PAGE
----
Journal of Clinical and Cellular Immunology

Journal of Clinical and Cellular Immunology
Open Access

ISSN: 2155-9899

+1-504-608-2390

Abstract

The Anti-inflammatory Effect of Alpha-1 Antitrypsin in Rhinovirus-infected Human Airway Epithelial Cells

Di Jiang, Reena Berman, Qun Wu, Connor Stevenson and Hong Wei Chu

Objective: Excessive airway inflammation is seen in chronic obstructive pulmonary disease (COPD) patients experiencing acute exacerbations, which are often associated with human rhinovirus (HRV) infection. Alpha-1 antitrypsin (A1AT) has anti-inflammatory function in endothelial cells and monocytes, but its anti-inflammatory effect has not been investigated in COPD airway epithelial cells. We determined A1AT’s anti-inflammatory function in COPD airway epithelial cells and the underlying mechanisms such as the role of caspase-1.
Methods: Brushed bronchial epithelial cells from COPD and normal subjects were cultured at air-liquid interface and treated with A1AT or bovine serum albumin (BSA, control) two hours prior to whole cigarette smoke (WCS) or air exposure, followed by HRV-16 infection. After 24 hours of viral infection, cell supernatants were collected for measuring IL-8, and cells were examined for caspase-1. The in vivo anti-inflammatory function of A1AT was determined by infecting mice intranasally with HRV-1B followed by aerosolized A1AT or BSA.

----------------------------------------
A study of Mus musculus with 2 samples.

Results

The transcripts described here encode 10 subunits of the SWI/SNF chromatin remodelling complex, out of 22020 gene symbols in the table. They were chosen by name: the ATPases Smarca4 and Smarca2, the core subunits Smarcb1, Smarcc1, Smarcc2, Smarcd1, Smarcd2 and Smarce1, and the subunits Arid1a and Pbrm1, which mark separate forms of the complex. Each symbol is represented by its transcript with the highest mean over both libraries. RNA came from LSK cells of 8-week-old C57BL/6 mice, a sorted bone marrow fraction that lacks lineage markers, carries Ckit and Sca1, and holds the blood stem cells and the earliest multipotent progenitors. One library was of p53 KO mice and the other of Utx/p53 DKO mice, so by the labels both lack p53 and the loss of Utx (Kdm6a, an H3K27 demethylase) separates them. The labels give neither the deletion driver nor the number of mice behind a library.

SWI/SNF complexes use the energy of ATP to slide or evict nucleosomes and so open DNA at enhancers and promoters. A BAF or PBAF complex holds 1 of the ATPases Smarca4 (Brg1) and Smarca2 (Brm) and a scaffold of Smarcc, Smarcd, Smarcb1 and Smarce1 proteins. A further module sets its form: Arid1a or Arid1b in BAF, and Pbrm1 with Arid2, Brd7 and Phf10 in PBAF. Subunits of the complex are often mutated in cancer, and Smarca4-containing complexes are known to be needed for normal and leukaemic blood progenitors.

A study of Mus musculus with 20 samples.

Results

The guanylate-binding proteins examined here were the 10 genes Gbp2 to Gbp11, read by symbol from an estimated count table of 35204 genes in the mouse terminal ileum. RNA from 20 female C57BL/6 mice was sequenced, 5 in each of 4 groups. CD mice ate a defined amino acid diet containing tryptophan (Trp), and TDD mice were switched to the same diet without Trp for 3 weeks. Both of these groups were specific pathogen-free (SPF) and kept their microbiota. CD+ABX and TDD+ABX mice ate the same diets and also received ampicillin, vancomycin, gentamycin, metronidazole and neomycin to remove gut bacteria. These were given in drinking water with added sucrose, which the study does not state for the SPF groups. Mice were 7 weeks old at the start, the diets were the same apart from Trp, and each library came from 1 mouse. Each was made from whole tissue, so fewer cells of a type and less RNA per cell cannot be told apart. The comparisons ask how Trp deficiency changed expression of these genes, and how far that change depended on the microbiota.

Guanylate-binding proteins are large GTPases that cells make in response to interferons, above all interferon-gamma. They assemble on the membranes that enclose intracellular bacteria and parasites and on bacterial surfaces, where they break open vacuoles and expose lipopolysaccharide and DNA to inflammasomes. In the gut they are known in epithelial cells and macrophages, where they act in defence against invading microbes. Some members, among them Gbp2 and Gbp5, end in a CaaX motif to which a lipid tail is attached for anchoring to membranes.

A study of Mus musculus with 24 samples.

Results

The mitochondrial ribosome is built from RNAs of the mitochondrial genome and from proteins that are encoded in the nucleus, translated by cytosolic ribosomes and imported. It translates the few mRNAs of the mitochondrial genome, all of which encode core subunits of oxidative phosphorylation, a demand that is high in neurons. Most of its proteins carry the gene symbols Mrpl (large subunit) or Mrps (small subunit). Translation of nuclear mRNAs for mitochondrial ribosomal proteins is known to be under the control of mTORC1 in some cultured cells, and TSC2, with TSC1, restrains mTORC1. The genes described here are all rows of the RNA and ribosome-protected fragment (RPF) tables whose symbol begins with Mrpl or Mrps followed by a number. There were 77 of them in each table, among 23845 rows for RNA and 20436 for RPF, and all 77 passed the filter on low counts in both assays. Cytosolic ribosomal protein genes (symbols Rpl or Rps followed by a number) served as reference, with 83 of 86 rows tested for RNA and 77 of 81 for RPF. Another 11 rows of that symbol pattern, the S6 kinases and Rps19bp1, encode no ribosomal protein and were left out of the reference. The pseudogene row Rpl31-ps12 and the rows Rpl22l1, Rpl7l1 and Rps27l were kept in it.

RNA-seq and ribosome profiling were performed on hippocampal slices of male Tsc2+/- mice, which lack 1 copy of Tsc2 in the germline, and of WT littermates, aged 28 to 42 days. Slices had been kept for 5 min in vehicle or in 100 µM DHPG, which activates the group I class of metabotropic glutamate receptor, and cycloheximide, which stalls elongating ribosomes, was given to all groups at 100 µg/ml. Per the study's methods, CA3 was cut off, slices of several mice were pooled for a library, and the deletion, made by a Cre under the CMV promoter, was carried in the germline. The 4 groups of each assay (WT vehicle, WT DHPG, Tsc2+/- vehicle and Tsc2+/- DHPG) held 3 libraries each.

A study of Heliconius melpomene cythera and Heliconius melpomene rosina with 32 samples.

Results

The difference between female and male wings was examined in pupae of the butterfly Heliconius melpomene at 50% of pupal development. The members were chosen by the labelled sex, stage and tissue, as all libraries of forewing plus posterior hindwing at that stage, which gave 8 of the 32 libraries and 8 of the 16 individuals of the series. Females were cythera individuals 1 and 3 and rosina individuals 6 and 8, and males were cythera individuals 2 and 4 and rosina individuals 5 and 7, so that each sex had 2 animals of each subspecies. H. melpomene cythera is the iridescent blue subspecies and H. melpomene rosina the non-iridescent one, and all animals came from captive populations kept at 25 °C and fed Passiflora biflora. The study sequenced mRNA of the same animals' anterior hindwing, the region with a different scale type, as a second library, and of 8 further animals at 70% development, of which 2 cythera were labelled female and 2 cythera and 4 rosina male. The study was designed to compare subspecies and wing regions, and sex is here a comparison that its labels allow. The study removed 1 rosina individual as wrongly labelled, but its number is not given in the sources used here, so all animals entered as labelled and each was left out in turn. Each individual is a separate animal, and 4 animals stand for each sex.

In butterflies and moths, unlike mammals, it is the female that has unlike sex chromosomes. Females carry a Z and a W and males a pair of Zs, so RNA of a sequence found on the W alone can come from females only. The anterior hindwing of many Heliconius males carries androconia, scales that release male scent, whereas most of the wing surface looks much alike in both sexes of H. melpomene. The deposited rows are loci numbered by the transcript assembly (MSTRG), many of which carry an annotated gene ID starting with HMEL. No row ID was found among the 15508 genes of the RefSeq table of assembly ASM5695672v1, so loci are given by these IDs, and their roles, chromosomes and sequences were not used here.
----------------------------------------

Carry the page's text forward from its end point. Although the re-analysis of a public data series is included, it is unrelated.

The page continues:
Results: A1AT significantly reduced WCS and HRV-16-induced IL-8 production in normal and COPD airway epithelial cells. COPD cells are less sensitive to A1AT’s anti-inflammatory effect than normal cells. A1AT exerted the anti-inflammatory function in part via reducing caspase-1 in normal cells, but not in COPD cells. In mice, A1AT significantly reduced HRV-1B induced lung neutrophilic inflammation.
Conclusions: A1AT exerts an anti-inflammatory effect in cigarette smoke-exposed and HRV-infected human airway epithelial cells, which may be related to its inhibitory effect on caspase-1 activity.